Since 2007, the number of enrollees without low-income subsidies who had spending above the catastrophic threshold has more than doubled, reaching 1 million enrollees in 2015, 2016, and 2017.
More than 1 million Medicare Part D enrollees had out-of-pocket (OOP) drug costs above the catastrophic threshold in 2017, according to a Kaiser Family Foundation analysis, which found that average annual OOP costs exceeded $3200. The analysis included enrollees without low-income subsidies (LIS).
Since 2007, when there were 407,000 enrollees without LIS who had OOP drug costs above the catastrophic threshold, the number of these enrollees who had spending above the threshold has more than doubled, reaching 1 million enrollees in 2015, 2016, and 2017.
“As policy makers continue to discuss ways to reduce Medicare prescription drug spending, proposals to place a hard cap on out-of-pocket spending in Part D have gained bipartisan support in the 116th Congress,” wrote the researchers.
Among all 44.6 million Part D enrollees in 2017, nearly 1 in 10 (3.6 million) had drug spending above the catastrophic threshold, with 2.6 million having LIS.
The average $3214 spent among Part D enrollees without LIS who had OOP costs above the catastrophic threshold was more than 6 times the average OOP spending by all enrollees without LIS ($486) and more than 2.5 times the average OOP spending by the 3.9 million enrollees without LIS who had spending in the coverage gap but below the catastrophic threshold ($1200).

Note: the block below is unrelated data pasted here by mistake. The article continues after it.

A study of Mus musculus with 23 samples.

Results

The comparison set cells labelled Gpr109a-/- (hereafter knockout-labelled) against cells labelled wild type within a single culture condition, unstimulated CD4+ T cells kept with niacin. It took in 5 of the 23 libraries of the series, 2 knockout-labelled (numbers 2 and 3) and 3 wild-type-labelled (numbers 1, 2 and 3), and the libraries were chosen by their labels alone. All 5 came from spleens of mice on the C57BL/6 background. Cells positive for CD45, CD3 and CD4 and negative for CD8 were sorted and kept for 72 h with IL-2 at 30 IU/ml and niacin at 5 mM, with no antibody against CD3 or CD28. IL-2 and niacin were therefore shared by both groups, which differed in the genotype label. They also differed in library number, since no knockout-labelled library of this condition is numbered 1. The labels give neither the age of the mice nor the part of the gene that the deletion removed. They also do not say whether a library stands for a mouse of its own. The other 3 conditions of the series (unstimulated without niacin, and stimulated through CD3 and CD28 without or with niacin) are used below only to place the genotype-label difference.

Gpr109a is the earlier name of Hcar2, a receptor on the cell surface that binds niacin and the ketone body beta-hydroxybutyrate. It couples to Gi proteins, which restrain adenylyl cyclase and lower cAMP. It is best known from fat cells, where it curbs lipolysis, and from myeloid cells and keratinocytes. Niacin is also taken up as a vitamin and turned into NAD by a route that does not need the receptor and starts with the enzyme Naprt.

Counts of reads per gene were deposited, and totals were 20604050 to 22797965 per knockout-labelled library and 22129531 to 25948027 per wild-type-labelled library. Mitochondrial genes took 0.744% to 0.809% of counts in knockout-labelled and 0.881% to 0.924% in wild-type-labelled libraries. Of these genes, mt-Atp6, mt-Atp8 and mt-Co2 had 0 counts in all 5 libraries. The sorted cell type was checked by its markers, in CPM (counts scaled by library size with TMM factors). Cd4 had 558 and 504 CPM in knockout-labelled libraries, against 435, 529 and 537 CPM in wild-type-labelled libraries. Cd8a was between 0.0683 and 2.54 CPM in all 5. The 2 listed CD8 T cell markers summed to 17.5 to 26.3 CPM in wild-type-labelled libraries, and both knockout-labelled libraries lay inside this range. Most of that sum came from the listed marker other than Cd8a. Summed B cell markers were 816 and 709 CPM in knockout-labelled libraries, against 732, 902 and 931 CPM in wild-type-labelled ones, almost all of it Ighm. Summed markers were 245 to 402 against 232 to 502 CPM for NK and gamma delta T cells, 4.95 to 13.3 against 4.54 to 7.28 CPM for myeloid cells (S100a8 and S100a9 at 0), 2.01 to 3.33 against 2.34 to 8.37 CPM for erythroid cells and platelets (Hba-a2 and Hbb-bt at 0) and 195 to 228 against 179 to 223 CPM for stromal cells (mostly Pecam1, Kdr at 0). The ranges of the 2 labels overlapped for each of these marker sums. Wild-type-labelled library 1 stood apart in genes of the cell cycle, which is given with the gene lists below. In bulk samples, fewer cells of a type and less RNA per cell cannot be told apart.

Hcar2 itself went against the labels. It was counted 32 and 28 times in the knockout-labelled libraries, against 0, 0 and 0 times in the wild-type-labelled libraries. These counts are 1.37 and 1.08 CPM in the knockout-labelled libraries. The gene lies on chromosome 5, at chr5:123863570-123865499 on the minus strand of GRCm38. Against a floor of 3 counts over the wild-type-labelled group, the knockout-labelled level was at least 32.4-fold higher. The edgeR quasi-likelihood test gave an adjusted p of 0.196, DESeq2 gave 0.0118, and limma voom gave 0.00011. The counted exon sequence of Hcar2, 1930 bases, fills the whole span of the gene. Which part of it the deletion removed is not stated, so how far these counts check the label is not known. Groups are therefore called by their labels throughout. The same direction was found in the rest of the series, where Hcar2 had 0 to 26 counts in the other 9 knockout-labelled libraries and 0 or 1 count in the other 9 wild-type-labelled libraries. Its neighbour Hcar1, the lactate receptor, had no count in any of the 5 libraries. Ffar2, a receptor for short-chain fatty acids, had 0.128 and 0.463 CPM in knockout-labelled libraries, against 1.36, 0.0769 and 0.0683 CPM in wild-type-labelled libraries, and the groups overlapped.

The $3214 spent by these enrollees was lower compared with average annual OOP spending before the Affordable Care Act (ACA), noted the researchers.
“With the ACA provisions to phase out the coverage gap taking effect in 2011, average out-of-pocket spending by Part D enrollees who incur high out-of-pocket costs was lower in 2017 than it was in 2010, before the gap coverage phase-out began,” they wrote. “The first-year effect of the ACA changes was a substantial reduction in spending by Part D enrollees who incurred high out-of-pocket drug costs, after increasing every year between 2007 and 2010. But the trend has reversed in recent years.”
After falling to $2870 in 2014, average annual OOP costs increased to $3041 in 2015, $3196 in 2016, and then to $3214 in 2017.
Treatments for autoimmune diseases, hepatitis C, and certain types of cancer were among the top 10 highest-cost medications for the 1 million enrollees, with annual OOP spending per treatment averaging over $5000. Average annual OOP spending was the highest for HP Athcar ($12,030), followed by Harvoni (ledipasvir/sofosbuvir), which had an average annual OOP spending of $5906. Cancer drugs for myelofibrosis, leukemia, and multiple myeloma also topped the list.
In 2017, 10 brand-name drugs accounted for 20% of aggregate OOP spending among these enrollees, with Revlimid alone accounting for 4% of total OOP costs and the top 3 drugs—Revlimid, Lantus Solostar, and Imbruvica—accounting for 8.5%.